1079 — Pain and Psychological Outcomes in OEF/OIF Veterans with Comorbid Musculoskeletal Pain and PTSD: Analysis of Baseline Data from a Randomized Trial
Outcalt SD, Center on Implementing Evidence Based Practice, Roudebush VAMC; Peng X, IUPUI School of Health and Rehabilitative Sciences; Ang DC, Indiana University School of Medicine; Sargent C, Center on Implementing Evidence Based Practice, Roudebush VAMC; Slaven J, Indiana University School of Medicine; Bair MJ, Center on Implementing Evidence Based Practice, Roudebush VAMC;
To compare pain and associated psychological outcomes in OEF/OIF Veterans with and without posttraumatic stress disorder.
We analyzed cross-sectional data from the Evaluation of Stepped Care for Chronic Pain (ESCAPE) trial to compare chronic pain outcomes among Veterans with and without PTSD. Participants included 241 Veterans with at least three months of musculoskeletal pain. Face-to-face interviews were conducted at the Roudebush VAMC. Our analysis examined several scales of pain severity, pain interference, and associated pain and psychological outcomes. Comparison groups were categorized according to a Posttraumatic Stress Disorder Checklist (PCL-C) score of 41, a validated cutoff and minimum score to meet DSM-IV diagnostic criteria for PTSD.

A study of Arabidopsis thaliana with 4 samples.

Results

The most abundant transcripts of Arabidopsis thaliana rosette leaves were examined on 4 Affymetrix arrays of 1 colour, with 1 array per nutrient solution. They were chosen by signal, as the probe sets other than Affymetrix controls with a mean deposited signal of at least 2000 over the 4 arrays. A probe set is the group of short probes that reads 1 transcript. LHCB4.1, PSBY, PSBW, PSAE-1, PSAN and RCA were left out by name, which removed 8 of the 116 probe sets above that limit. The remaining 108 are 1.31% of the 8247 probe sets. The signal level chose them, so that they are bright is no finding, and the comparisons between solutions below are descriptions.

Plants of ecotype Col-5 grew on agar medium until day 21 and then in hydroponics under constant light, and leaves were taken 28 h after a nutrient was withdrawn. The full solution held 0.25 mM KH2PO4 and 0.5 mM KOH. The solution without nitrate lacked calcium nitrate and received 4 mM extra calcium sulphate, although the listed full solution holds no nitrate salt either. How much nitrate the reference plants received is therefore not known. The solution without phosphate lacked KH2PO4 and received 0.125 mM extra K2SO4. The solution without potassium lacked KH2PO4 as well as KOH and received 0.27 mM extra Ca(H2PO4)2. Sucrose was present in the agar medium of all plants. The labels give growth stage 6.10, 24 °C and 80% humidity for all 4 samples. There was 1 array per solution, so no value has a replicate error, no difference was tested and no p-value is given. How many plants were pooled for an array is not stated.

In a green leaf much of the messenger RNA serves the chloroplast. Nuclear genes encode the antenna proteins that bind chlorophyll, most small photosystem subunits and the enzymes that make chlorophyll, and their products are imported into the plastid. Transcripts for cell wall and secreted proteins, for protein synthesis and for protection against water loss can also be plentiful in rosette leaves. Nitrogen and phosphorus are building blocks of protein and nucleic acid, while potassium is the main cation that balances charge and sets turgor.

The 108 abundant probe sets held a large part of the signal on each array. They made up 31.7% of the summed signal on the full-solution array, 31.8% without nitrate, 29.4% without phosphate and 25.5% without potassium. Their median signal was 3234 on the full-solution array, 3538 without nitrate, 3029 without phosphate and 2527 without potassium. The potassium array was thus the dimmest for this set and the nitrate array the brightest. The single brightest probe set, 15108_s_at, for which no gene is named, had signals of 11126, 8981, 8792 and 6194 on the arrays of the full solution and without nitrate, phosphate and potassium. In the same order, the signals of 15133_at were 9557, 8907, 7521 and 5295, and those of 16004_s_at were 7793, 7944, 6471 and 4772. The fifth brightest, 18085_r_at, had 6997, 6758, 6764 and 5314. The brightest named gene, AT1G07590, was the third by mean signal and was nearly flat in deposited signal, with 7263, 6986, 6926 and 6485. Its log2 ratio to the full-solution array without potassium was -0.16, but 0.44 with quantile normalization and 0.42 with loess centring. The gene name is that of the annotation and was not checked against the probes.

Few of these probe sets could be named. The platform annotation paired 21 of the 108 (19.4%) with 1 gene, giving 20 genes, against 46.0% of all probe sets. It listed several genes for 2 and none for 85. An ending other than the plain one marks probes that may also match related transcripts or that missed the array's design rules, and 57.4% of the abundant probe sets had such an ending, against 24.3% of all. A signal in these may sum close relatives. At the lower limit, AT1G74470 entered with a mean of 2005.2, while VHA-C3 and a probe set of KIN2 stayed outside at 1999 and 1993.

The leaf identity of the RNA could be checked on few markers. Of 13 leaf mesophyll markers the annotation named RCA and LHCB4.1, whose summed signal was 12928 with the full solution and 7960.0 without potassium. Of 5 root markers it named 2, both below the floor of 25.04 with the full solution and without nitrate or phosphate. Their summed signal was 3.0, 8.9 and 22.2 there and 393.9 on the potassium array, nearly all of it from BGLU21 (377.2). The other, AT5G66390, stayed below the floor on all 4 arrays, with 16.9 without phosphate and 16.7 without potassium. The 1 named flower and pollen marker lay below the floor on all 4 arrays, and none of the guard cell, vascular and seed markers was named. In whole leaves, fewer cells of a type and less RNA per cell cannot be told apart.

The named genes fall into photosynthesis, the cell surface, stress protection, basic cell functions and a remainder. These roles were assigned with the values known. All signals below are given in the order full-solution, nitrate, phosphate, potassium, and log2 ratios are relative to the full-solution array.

More than three-quarters of the sample (78%) screened positive for PTSD and 36.2% of those scored in diagnostic ranges for PTSD. Veterans with PTSD, compared to those without PTSD, had more severe pain (54.6 vs. 47.9 on Graded Chronic Pain Scale ), greater pain-related disability (15.9 vs. 13.1 on Roland Disability Scale), higher pain interference (6.9 vs. 4.8 on Brief Pain Inventory), more pain catastrophizing (28.8 vs. 19.0 on Pain Catastrophizing Scale), lower pain self-efficacy (27.5 vs. 19.0 on Pain Self Efficacy Scale), greater pain centrality (36.9 vs. 30.4 on Centrality of Pain Scale), and higher depression (16.5 vs. 9.3 on PHQ-9 ) and anxiety (24.8 vs. 13.5 on PHQ anxiety scale; all comparisons p <.0001).
We found a strong association between chronic pain and PTSD among OEF/OIF Veterans. These findings suggest a more intense and disabling chronic pain experience for newly returning Veterans also living with PTSD. Notably, a large majority of this sample screened positive for PTSD, over a third of whom were identified with clinically significant PTSD symptoms.
These results contribute to our understanding of the link between chronic pain and PTSD, which are highly prevalent diagnoses within VHA. Our findings emphasize the combined adverse effects of living with both conditions and highlight the importance of assessing and treating the two in an integrated fashion. Ultimately, we hope this study contributes improved services for these Veterans who are dually suffering with both physical and emotional pain.